Starblazer was a pocket-sized science fiction comic (in the Commando format) that D.C. Thomson published from 1979 to 1991. I've never covered it on this blog because... well, I don't have many of them. Compared to 2000AD, Starblazer seemed a bit dated to me, but it did have a large, loyal following in its day and did feature some great artwork. In retrospect, it was unfair of me to compare it to 2000AD. I should have judged it on its own merits because sadly I missed out on a lot of good comics. 

Well, hopefully those of us who did miss out might have a chance to recapture those days if D.C. Thomson's latest venture proves to be a success. Thomson's new Heritage Comics imprint is reviving Starblazer in the form of a graphic novel, reprinting two classic stories. (Ironically both of which are two of the few that I actually did buy way back when.) Here's the PR I received earlier this morning...

Heritage Comics Launches Starblazer Graphic Novel

Heritage Comics presents Starblazer, in print for the first time since the 1990s, now in graphic novel format.

Originally published between 1979 and 1991 by DC Thomson, Starblazer was the pocket-sized, Science Fiction comic, presenting action and adventure stories set throughout space and time, overflowing with alien alliances, wonderful worlds and tantalising technology. This graphic novel presents issues #45 ‘Operation Overkill’ from 1981 and #71 ‘Jaws of Death’ from 1982, refreshing and rescaling the artwork to full graphic-novel size, whilst retaining the charm of their original black and white format.
‘Operation Overkill’ provides a glimpse into some of British comic legend Grant Morrison’s earliest work, where Argentinian illustrator Enrique Alcatena’s artwork brings such imaginations to life in exquisite detail. Likewise, ‘Jaws of Death’ by D Broadbent showcases Mick McMahon’s instantly recognisable, clean and confident draughtsmanship. Together, they present some of the best of British Science Fiction in a highly-collectible and well considered format, appealing to a contemporary audience as well as fans of the original pocket-size publication.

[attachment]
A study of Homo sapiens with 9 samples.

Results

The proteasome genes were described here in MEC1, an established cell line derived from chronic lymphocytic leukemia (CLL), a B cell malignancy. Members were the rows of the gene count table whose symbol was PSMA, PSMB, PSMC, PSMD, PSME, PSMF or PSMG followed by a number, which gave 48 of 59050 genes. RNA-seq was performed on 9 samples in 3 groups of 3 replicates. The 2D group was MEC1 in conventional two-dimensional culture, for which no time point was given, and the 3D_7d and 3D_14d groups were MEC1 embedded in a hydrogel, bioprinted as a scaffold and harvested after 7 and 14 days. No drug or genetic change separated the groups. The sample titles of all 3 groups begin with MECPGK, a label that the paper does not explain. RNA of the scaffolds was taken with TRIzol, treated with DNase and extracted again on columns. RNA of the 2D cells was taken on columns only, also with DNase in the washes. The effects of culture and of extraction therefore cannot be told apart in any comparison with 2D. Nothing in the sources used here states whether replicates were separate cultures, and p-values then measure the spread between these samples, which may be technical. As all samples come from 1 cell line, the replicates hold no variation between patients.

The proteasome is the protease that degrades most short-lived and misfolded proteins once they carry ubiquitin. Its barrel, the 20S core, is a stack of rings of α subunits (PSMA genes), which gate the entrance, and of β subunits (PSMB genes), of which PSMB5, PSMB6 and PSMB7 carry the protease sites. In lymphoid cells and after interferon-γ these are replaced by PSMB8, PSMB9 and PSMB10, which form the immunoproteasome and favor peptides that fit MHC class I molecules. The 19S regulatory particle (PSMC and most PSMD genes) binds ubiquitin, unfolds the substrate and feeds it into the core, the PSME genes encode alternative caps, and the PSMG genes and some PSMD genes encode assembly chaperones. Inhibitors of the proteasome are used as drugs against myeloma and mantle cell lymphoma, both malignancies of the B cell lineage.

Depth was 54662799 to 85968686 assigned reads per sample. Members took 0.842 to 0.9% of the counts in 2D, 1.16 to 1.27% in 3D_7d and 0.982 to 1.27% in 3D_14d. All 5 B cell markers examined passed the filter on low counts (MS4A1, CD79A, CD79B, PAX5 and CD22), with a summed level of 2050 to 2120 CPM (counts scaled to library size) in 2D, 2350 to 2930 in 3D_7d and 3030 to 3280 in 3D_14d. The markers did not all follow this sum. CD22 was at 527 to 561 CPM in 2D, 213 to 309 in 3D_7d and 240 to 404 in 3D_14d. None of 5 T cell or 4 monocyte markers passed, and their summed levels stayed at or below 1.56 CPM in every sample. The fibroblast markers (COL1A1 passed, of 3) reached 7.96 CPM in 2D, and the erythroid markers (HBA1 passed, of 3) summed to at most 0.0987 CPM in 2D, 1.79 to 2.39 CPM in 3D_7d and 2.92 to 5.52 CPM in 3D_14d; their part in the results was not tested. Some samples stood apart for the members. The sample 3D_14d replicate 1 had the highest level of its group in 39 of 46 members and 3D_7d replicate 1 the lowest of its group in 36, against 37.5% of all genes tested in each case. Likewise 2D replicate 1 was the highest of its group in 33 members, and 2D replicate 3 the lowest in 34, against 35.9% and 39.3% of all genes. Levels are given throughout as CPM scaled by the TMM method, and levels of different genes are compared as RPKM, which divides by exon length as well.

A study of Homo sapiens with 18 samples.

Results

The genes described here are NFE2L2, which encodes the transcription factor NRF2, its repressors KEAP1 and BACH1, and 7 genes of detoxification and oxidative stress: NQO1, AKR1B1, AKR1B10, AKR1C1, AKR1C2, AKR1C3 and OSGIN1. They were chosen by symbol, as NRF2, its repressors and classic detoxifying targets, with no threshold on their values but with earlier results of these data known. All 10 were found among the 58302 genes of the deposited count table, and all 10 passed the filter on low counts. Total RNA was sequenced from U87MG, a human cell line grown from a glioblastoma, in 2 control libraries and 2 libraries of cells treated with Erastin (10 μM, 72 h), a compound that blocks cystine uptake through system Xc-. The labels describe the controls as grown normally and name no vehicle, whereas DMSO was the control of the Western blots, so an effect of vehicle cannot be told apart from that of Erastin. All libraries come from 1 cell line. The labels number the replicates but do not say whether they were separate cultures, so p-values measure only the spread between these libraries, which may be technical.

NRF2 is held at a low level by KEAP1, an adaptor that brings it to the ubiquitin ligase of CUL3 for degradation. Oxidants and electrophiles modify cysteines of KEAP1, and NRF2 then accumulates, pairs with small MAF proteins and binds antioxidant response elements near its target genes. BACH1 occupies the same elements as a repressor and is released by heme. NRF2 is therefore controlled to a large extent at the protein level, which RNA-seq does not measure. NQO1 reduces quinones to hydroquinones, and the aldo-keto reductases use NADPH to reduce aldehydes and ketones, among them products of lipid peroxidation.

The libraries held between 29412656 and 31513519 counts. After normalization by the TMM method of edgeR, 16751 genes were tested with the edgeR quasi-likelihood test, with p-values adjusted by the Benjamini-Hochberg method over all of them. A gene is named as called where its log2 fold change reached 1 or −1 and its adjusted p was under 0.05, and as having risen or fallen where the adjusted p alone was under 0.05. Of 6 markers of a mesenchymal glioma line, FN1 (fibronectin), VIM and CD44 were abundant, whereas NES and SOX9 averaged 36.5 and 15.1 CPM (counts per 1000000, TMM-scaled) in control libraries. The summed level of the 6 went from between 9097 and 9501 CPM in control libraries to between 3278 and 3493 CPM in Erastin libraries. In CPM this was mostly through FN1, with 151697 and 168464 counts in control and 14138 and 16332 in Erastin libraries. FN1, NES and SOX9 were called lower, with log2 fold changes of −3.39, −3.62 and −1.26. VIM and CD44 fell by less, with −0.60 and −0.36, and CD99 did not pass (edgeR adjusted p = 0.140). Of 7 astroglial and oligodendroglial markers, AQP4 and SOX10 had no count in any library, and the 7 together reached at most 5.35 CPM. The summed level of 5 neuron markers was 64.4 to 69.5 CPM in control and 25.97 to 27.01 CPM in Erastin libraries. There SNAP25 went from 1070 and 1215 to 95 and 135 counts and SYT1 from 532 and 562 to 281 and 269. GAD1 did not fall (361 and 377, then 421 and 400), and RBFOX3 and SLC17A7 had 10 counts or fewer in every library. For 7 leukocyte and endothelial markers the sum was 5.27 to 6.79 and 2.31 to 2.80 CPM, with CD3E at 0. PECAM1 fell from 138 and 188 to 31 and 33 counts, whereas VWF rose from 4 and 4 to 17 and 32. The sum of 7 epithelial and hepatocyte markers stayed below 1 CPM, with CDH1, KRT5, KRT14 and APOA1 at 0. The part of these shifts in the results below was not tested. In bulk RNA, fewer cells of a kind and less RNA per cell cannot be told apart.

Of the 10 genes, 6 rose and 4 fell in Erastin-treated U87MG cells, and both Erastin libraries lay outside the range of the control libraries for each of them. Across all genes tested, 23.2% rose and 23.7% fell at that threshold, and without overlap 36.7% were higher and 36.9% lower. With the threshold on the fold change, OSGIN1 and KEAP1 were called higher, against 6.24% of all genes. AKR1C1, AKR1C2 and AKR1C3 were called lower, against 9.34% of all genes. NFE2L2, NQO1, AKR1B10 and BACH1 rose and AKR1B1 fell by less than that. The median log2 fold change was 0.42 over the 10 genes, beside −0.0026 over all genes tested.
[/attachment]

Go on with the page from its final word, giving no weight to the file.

Supplemented by the original, full-colour cover art by Keith Robson for both issues, a fresh new wraparound cover by Neil Roberts brings these classic stories into a contemporary, yet familiar field.

Bonus content comes in the form of a brief history of the well-loved cult comic with an Ian Kennedy Easter Egg in the mix, an exclusive interview with artist Neil Roberts, and insights from a conversation with Grant Morrison by Professor Christopher Murray. A must-have for Science Fiction and British comic fans alike.

You can also preorder a copy from DC Thomson’s website right now!

The Starblazer graphic novel will be available to buy from WHSmith and the DC Thomson shop from early November 2019 for £12.99.


Kevin Larkin said...

I understand that some people prefer reprints to remain as they originally appeared, but it's a shame these haven't been coloured, like the Commando one you mentioned earlier. Maybe all the black star-scapes didn't leave much else to colour!

Lew Stringer said...

Personally I'm glad they'll be reprinted in black and white. There's a difference between drawing for black and white and drawing for colour and I think it's better to leave them as intended. I've seen some terrible examples over the years of colour being added to b/w pages that made them look too heavy and dark. Yes, one could painstakingly remaster the pages to (for example) replace shaded areas with a colour, but then you end up redrawing the art and it ceases to be the work of the original artist.

SID said...

Great news, Lew and I agree that the art should stay as the original.

David said...

Yes, black and white is best. Ordered.